This guide is designed to help you pick the right knife, without needing to know everything about steel. I grew up in the ’80s and ’90s when being a nerd was not synonymous with being cool. That, coupled with the fact I’m a cook and knife user, not a steel analyzer or a fancy book-learner qualifies me to write the simple guide to steel, focusing on the functions that regularly affect the user.
The top 3 questions to ask when choosing a knife are:
Does it rust?
How long does it stay sharp for?
Does it chip easily?
The short version
If tarnish and water spots are dirty and upset you, don’t get a 'carbon steel' knife. They will discolour and can rust if you're not careful, so they're more work to maintain. The knives we sell are all really really sharp — but the carbon steel ones are sometimes sharper. Take care of any good knife and it will hold its edge for a very long time. Some have a carbon steel core but have a layer of stainless on the outside, leaving only the non-stainless edge to deal with.
The Long Version
A long time ago they made steel. It was sharp and it rusted. Then, just over 100 years ago, they made stainless steel which wasn’t as sharp but didn’t rust. Then recently, they made powdered stainless steel that is crazy sharp and doesn’t rust. The most recent innovation of powder metallurgy allows for stainless steel that can get just as sharp as high-carbon steel and keep an edge just as long, without rusting.
Because rusting is in steel’s nature, it will oxidize slowly no matter how well you care for it. This means it’s going to oxidize and turn grey when you first use it, and the finish will change. You just can’t get around that. If you let water or vegetable juices stay on the steel, it will rust. The orange kind of rust is bad and you want to removw it as soon as you see it. You can learn more about carbon steel care here, but essentially grey is good, orange is bad.
Why doesn’t stainless steel rust? Because of science. Keep in mind, it’s called stain-less not stain-never. This is a different kind stainless steel than regular cutlery, so no dishwasher, ever. The Japanese knives that we import are made from stainless steel that is really sharp and better at holding an edge than European or mass-market knives, but many stainless knives don't get quite as sharp or stay sharp as long as carbon steel knives. Most of the Japanese knives we carry are made of 2 outer layers of soft steel, that cover a hard core steel (which is what the edge is made from). There are some that are a combination: stainless steel on the outside and carbon steel on the inside. This gives you great edge performance, with only 5% of the exposed surface area susceptible to rust.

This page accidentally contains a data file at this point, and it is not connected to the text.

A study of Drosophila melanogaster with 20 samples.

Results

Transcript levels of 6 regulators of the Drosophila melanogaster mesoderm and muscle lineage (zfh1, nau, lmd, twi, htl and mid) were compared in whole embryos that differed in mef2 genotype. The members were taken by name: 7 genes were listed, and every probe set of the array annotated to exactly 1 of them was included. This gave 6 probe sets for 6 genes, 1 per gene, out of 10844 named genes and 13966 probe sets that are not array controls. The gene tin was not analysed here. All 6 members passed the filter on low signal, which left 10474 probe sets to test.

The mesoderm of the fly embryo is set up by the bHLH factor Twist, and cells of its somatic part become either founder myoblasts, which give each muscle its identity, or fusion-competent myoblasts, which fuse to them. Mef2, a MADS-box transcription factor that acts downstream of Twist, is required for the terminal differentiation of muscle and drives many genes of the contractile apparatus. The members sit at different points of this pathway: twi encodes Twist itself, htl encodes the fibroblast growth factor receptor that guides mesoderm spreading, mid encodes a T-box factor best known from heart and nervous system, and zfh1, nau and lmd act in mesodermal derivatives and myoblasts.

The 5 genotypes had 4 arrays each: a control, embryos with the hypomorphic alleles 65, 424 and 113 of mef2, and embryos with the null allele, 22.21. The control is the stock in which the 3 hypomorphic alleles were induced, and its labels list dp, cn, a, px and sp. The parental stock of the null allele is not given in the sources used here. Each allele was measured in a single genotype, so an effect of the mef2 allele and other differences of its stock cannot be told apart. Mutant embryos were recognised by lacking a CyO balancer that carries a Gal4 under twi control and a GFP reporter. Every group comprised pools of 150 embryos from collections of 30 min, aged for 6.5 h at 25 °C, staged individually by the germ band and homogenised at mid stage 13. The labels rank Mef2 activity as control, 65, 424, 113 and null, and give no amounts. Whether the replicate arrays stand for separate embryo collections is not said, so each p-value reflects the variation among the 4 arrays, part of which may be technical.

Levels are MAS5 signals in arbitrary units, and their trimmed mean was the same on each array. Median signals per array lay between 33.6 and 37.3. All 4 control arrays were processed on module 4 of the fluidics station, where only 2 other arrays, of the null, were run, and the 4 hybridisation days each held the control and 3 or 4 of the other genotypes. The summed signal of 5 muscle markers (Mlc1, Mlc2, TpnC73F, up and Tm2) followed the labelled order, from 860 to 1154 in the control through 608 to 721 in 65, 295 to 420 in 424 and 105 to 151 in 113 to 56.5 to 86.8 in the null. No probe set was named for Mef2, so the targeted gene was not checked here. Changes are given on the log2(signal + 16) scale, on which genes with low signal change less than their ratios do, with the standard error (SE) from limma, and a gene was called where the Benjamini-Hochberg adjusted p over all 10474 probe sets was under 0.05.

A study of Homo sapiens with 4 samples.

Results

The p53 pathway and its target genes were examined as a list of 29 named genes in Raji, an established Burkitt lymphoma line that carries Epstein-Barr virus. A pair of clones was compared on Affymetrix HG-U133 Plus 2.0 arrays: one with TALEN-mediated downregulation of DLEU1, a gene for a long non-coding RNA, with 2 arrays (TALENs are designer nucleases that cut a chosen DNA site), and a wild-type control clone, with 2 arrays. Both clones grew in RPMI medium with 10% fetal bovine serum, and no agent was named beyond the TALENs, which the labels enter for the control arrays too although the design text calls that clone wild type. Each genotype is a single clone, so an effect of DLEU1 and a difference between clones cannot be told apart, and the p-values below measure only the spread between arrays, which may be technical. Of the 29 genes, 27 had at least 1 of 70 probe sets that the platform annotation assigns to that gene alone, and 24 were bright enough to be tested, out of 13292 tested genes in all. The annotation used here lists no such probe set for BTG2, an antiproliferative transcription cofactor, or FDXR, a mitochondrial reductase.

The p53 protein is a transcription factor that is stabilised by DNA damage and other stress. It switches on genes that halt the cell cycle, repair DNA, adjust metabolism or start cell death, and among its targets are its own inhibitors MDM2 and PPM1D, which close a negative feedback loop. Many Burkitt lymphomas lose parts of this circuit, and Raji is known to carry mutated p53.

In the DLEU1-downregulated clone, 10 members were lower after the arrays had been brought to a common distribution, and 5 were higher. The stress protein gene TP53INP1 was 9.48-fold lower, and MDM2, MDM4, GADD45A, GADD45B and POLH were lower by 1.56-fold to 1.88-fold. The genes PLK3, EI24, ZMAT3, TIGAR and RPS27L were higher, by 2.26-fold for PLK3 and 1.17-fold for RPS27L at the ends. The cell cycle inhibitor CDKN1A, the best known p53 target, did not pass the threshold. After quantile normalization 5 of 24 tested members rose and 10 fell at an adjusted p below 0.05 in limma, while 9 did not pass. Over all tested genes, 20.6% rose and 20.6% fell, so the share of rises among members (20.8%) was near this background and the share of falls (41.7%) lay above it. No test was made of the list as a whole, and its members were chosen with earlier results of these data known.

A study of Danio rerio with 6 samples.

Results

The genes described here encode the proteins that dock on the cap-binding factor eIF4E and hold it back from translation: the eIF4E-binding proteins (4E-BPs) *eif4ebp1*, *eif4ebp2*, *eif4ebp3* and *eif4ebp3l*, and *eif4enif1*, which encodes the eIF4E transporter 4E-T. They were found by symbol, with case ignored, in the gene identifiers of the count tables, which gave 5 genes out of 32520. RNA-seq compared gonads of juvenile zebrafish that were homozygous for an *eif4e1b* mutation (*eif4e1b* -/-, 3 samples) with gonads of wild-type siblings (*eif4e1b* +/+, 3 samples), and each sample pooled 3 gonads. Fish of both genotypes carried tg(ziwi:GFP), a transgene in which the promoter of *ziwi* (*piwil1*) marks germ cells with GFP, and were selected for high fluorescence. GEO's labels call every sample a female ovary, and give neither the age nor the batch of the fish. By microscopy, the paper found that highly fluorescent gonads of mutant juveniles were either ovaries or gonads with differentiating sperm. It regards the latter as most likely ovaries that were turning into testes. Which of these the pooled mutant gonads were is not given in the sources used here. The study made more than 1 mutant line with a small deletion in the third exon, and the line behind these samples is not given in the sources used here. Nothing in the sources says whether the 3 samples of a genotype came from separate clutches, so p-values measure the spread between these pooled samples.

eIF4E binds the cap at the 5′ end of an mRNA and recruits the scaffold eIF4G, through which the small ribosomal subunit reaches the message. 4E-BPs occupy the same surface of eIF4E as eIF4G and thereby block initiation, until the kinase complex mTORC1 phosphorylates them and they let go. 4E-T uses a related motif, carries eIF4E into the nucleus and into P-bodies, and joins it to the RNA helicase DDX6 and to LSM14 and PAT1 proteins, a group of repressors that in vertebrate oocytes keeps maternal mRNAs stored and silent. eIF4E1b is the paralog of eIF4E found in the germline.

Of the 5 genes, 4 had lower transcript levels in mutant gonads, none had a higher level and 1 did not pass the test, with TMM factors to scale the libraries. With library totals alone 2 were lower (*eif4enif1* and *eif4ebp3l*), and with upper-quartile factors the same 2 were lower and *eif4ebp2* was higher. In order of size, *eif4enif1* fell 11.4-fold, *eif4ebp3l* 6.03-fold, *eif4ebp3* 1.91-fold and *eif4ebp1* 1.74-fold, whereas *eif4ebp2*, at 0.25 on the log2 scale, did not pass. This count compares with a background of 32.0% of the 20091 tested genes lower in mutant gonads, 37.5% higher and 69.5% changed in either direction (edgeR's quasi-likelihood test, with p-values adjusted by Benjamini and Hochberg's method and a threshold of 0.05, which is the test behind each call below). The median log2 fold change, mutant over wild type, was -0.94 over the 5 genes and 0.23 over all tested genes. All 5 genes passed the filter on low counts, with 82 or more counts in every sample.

Sharpness and Brittleness
The steel in a Japanese knife is harder, so it stays sharper for longer and can hold a much sharper edge than knives from Costco, Ikea, etc. This comes with a trade-off: it can chip, because harder materials are more brittle. Sharpness and brittleness go hand-in-hand. Any high-performance knife shouldn’t be used for bones or frozen foods, but rather food you could chew with your own teeth. Think meat, fish and vegetables. In general, regular stainless steel is less prone to chipping than carbon steel but harder powdered stainless is a little more sensitive than other stainless steels. If you take care of your tools, they will last longer. The same goes for your knife’s edge. Avoid using your knives as a hammer, or cutting on hard surfaces like your granite countertop.
Choosing the Right Knife Steel
If you aren’t bothered by tarnish and are willing to wipe off your knife when you use it, then go for carbon steel. Not being uptight about your knife being shiny means you can have a knife that will be incredible at holding its edge, and will take on a unique look as you use it. Think of how your favourite pair of jeans or boots develop a unique look after you've broken them in. If you want exceptional sharpness and no rust, look to the powdered steel types. If you just want a very sharp knife that dependably cuts your food without any hassle, go for the regular stainless steel.
This chart shows the level of edge retention, the rustiness and the brittleness (represented by the size of the bubble). I hope it helps the visual folks out there
I hope this helps you get comfortable with the different steel types, their strengths and their weaknesses. If you feel like you want to go deeper down the rabbit hole, check out our book The Knifenerd Guide to Japanese Knives or read our blog Knife Knowledge Basics: Knife Steel. If you still feel like you need help picking a knife, contacts us and we'll be happy to guide you through the process!
Mike was a chef for 15 years and and has been a knife aficionado for most of them. His love of Japanese knives began, coincidentally, when Knifewear began. Mike decided that it was time to get out from behind the stoves and hanging out at Knifewear wasn’t paying the bills so he hired himself. We rehabilitated him into a life of knives and shaving in 2012. He loves to talk about food and cooking as well as knives. Mike is the General Manager of all our shops.